The most important two months in the history of the Washington Capitals begins tonight when the open the playoffs at home against the Philadelphia Flyers. The Caps came into existence in 1975 and have never won the Stanley Cup. They’ve only made the Finals once (1998) and were swept, so they’re still looking for their first victory in the championship series, much less the Cup itself. Washington comes into this year’s postseason as the decisive favorite to win it all.
It’s not just the lack of a Cup that tortures Washington fans, it’s that the team has gained a reputation for “choking like dogs”, as ESPN’s Tony Kornheiser, a D.C. resident, frequently puts it on Pardon The Interruption. The team’s best player, Alex Ovechkin, has three MVP awards and may win a fourth this year after a 50-goal season. He also the reputation of another Alex—Rodriguez that is, for postseason failure.
Back in February, I wrote that I believed Washington’s time had come and the primary reason was the work of goaltender Braden Holtby. The Stanley Cup playoffs are a goaltender’s game and even a team with the best offensive talent will need a few games—maybe even an entire series—where the goalie needs to turn himself inside and out to save the day. The play gets more physical, the penalties a little less frequent and defense wins.
Washington has never had a goalie like Holtby. He tied for seventh in the league in save percentage. Unlike a lot of his teammates, he’s got some playoff cred. As a wet-behind-the-ears rookie, he beat Boston’s great Tim Thomas in a seven-game thriller back in 2012. Washington’s worst playoff chokes were in the years immediately preceding that. Holtby is, relatively speaking, baggage-free.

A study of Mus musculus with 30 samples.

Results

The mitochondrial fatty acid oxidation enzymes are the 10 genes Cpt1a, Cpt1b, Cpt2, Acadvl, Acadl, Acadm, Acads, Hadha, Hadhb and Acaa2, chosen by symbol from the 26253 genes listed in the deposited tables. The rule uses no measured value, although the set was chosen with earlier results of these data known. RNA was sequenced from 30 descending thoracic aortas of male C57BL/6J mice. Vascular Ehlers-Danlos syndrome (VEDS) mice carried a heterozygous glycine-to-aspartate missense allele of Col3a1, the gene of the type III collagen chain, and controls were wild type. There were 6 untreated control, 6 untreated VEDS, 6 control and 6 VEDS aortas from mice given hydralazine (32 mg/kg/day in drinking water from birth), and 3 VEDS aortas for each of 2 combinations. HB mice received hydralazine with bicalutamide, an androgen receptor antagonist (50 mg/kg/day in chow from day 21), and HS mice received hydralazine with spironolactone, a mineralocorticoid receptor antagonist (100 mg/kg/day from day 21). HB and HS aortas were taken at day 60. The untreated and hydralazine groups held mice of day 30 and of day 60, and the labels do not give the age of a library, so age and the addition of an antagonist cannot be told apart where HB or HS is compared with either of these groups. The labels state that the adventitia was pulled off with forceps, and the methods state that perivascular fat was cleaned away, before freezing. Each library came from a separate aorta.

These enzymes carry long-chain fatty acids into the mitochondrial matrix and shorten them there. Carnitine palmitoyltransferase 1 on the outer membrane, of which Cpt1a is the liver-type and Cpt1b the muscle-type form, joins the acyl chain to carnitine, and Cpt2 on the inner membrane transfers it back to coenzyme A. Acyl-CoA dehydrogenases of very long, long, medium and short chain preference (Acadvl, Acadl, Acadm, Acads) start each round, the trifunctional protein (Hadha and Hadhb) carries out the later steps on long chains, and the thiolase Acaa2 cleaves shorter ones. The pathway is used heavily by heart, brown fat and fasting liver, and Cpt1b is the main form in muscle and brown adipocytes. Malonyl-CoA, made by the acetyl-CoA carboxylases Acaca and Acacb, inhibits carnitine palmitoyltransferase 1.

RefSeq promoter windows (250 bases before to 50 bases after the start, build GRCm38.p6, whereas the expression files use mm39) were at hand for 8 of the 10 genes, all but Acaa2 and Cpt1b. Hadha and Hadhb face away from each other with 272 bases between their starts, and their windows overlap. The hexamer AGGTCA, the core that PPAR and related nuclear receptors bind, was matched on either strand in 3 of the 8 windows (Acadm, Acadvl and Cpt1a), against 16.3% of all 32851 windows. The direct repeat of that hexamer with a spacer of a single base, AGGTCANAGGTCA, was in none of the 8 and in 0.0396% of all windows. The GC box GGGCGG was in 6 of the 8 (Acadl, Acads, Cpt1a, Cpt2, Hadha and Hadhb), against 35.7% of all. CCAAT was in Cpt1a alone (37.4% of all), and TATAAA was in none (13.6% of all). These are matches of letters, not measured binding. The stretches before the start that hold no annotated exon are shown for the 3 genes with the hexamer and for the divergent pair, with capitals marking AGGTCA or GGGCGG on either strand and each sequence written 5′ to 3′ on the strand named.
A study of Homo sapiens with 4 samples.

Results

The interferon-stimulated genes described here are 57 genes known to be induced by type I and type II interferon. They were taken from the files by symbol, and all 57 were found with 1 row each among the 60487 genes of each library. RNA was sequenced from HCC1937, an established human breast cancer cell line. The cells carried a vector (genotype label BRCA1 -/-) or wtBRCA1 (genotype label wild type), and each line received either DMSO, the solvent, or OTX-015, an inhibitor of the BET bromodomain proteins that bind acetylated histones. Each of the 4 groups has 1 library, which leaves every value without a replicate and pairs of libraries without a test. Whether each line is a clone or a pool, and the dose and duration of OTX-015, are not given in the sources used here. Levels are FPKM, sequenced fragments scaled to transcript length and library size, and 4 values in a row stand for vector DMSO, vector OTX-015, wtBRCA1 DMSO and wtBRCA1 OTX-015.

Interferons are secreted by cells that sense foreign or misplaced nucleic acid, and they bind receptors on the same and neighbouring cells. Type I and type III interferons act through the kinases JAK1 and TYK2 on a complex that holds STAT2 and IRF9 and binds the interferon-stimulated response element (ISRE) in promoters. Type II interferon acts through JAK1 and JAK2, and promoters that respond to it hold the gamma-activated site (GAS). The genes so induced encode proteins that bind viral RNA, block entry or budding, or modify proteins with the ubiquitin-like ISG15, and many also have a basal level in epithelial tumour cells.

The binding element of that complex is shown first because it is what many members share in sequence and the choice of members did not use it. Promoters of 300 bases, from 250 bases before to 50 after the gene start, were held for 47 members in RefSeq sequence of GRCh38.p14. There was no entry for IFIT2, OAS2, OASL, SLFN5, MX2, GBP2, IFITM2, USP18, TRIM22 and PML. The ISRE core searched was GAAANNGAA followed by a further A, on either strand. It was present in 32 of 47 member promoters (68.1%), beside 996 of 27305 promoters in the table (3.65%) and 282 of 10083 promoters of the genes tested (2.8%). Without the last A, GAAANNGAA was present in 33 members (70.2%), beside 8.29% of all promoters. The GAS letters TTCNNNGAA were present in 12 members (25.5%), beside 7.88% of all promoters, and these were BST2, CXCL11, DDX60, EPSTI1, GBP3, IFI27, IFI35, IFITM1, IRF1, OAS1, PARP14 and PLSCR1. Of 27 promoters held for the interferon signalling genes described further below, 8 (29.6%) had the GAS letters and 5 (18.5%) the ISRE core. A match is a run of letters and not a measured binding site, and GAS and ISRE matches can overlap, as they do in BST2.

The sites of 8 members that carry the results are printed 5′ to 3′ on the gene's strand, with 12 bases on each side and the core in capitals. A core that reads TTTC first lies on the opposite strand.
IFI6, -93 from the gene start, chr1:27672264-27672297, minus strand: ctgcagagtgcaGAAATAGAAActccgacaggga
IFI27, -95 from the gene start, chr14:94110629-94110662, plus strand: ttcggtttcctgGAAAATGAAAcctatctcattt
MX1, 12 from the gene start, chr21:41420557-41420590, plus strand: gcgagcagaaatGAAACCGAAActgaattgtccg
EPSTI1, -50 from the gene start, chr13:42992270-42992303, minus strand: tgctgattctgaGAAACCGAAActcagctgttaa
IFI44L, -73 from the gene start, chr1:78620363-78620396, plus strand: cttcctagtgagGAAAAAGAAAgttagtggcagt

The team defense surrounding the goaltender is also excellent. Head coach Barry Trotz, also not here for the worst collapses of 2010-11 has made the team tougher, both physically and mentally and they rank sixth in the NHL in preventing shots and goal.
Thus, we have a team that doesn’t allow many good looks at the goal, has a solid goaltender for when they do, and has one of the great offensive players in the game’s recent history.
But this isn’t the NBA, and top seeds lose in the NHL playoffs, including early. The Flyers are a young team coming together at the right time that’s playing good defense themselves. I fully expect this to be a tough series that will go at least six games.
The structure of the Stanley Cup playoffs—division-based, rather than conference-based, sets up a possible titanic war between the Capitals and the Pittsburgh Penguins in the second round. These are the best two teams in the East and over the years, the Pens are as responsible as any team for Washington’s spring heartbreak.
If we peek further around the corner, teams like Tampa Bay—the Eastern Conference champ last year, an elite goalie in Ben Bishop and great offensive talent led by Steven Stamkos await. The Finals themselves could be championship-proven teams like Chicago or Los Angeles. Or St. Louis, with the league’s best goalie this season, Brian Elliot.
There’s never time to breathe or relax when you root for a team in the NHL playoffs. Washington Capitals fans are about to embark on what they hope will be the ride of their life. I’m rooting for them to do it. I’m predicting them to do it. But I wouldn’t count on too many restful nights along the way.